While some would call it the unification of families, others would call it a sexist practice that comes in the form of long-term prostitution.
It is an integral part of many South African traditional weddings, and whether you call it dowry or lobola, you can be certain cows, gold or a fair amount of money is going to come out of it.
Lobola is an ancient African tradition where the groom-to-be pays a “bride price” for his fiancée in the form of cattle. The future bride and groom’s male elders negotiate the bridal price, a patriarchal practice that many feminists may decide disagrees with an era of gender equality.
Lobola has since become a status symbol, as the more you can fork out, the better you look as a potential provider. This is why some people have been refused the chance of marriage because they simply could not afford the very high bridal price (the man was not necessarily poor, the woman was just too pricy).
Some advice: if a traditional marriage is included in your future and you plan to marry an expensive woman, now would be a good time to start saving for the future.
In the Indian culture, the bride’s family pays the dowry to the groom’s family.
“In the Afrikaans community the lobola is the engagement”, explains Marinda Maree, Manager of the Gender Institute at Tuks. In this context, traditionally the bride’s parents pay for practically everything except the alcohol at the reception and the wedding rings, which are the groom and his family’s responsibility. The round ring, which was a symbol of eternity, is now transformed into a status symbol. “The status here is found in the size and the flawlessness of the diamond. The more the man loves you, the bigger the diamond”, Mrs Maree concludes.
Perdeby investigated how today’s future grooms and brides feel about the whole affair of financial arrangements that go on during traditional weddings.
Tuks students, Thabo Mojela, studying Public Management, and Ofentse Mnisi, a BA Law student, say the factors that would determine how much a man would be willing to pay for a potential bride would depend on her level of education, beauty, general conduct, background, whether she had children or not and the estate she was going to inherit. A bride of such quality would cost between R20 000 to R25 000. Ntokozo Sithole, a second-year Chemical Engineering student feels the labola tradition is wrong. According to her, poor families see daughters as investments and lobola negotiations as a form of a business transaction.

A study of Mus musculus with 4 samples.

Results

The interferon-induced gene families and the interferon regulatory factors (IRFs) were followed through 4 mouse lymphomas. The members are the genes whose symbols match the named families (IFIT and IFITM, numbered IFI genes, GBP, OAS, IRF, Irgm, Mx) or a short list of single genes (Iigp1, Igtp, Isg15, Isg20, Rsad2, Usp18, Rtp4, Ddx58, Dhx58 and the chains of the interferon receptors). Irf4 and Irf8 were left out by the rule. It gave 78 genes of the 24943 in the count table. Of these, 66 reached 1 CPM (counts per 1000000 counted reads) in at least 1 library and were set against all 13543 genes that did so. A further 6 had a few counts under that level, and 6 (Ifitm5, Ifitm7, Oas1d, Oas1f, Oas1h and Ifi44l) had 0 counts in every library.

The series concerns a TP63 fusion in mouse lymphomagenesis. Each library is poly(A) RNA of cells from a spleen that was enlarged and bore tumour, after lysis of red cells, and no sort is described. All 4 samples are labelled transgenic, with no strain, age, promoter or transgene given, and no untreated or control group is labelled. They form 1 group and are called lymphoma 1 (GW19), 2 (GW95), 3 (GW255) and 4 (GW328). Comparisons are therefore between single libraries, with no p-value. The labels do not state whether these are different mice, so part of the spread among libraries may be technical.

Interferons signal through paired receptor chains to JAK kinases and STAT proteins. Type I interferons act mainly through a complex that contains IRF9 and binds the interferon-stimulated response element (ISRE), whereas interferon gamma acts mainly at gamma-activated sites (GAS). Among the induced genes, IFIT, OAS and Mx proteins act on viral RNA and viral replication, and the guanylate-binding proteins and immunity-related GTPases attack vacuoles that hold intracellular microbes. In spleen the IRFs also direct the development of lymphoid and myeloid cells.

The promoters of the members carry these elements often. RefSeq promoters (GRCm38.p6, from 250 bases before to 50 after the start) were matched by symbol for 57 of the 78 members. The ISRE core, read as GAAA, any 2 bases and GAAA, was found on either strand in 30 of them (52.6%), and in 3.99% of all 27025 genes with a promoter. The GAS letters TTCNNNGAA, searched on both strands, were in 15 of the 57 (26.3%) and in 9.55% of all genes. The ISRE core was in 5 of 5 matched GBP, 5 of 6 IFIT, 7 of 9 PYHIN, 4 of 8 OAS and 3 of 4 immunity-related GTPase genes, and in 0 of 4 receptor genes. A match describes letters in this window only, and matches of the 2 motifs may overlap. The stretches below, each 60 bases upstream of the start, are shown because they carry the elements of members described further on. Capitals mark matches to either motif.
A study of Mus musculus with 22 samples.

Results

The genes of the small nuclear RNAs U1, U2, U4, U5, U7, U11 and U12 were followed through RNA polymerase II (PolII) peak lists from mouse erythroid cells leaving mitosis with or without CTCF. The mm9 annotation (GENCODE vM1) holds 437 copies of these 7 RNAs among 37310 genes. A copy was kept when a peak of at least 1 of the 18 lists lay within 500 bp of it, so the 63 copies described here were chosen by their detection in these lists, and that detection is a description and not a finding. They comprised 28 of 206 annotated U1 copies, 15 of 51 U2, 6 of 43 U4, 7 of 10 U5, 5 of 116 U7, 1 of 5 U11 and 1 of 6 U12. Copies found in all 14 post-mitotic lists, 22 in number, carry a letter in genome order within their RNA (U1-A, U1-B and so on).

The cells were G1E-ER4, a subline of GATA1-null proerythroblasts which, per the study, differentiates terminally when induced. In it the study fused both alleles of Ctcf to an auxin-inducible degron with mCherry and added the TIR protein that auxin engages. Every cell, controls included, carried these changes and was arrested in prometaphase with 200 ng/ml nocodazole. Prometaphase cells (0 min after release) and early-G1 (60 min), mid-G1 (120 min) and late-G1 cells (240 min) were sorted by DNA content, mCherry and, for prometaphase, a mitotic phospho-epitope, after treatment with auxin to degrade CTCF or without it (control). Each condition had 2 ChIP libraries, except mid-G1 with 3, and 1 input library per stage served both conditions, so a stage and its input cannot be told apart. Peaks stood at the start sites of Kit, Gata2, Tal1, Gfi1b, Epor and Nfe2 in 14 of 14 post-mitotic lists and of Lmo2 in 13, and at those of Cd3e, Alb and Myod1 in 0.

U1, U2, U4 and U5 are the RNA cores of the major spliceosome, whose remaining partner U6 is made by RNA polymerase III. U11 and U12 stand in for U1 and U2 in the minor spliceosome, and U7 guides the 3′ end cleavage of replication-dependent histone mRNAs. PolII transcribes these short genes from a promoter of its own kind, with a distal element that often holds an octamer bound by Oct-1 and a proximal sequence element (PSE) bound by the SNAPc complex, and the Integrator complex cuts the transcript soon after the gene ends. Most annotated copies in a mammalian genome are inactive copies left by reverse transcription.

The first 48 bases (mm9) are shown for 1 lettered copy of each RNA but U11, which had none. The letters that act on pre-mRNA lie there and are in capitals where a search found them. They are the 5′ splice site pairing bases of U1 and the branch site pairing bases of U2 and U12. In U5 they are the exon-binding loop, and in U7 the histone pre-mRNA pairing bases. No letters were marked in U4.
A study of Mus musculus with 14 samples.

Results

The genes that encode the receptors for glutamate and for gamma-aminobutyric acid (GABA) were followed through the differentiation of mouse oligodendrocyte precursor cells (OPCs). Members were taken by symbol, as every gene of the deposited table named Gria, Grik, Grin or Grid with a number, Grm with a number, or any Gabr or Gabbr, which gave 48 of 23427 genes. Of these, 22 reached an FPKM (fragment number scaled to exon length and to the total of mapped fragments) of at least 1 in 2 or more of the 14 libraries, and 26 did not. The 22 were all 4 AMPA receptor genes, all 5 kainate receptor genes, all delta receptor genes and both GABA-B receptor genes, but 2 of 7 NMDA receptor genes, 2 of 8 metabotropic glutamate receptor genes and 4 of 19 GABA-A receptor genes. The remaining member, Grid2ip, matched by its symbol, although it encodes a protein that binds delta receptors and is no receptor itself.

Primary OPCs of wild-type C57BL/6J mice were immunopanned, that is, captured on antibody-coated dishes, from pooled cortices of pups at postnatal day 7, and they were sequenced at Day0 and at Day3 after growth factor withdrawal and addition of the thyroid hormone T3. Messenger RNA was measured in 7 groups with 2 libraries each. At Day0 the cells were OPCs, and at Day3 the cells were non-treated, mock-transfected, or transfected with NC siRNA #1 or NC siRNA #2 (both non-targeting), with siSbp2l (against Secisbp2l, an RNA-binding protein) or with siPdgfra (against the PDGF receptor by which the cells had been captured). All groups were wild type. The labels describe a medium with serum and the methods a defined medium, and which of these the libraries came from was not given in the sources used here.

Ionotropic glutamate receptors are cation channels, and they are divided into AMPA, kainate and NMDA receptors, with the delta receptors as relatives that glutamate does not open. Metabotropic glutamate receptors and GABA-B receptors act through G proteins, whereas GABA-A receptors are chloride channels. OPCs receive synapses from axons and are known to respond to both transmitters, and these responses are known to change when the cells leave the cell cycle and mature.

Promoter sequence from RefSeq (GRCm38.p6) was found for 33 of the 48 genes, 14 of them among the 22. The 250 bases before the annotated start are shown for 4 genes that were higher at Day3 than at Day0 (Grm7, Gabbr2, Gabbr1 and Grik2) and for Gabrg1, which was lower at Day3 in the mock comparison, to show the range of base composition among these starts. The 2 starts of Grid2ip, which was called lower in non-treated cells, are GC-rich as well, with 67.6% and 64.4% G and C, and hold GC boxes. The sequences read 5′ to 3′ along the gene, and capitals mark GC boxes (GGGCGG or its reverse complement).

In the light of this traditional, cultural and religious process, could it be said that lobola is a process that lets the man practice his patriarchal authority? Could it also be said that this monetary exchange could be seen as unhealthy in a sense that an individual could possibly be exchanged for his/her family’s financial gain?
In all the South African traditions and cultures, the bride price is theoretically meant not only to prepare the bride or newlyweds for a life of marriage, but to secure firm family relations between both extended families. In some customs, however, this payment often means the couple may not be granted a divorce unless the bride’s family pays back the lobola in full. This then results in individuals staying in abusive and unhappy marriages.
Though dowry/lobola is ultimately meant to unify families and possibly communities, parties involved should be aware that it should not come at the price of a person’s freedom or individuality should not be equated with the price of a cow.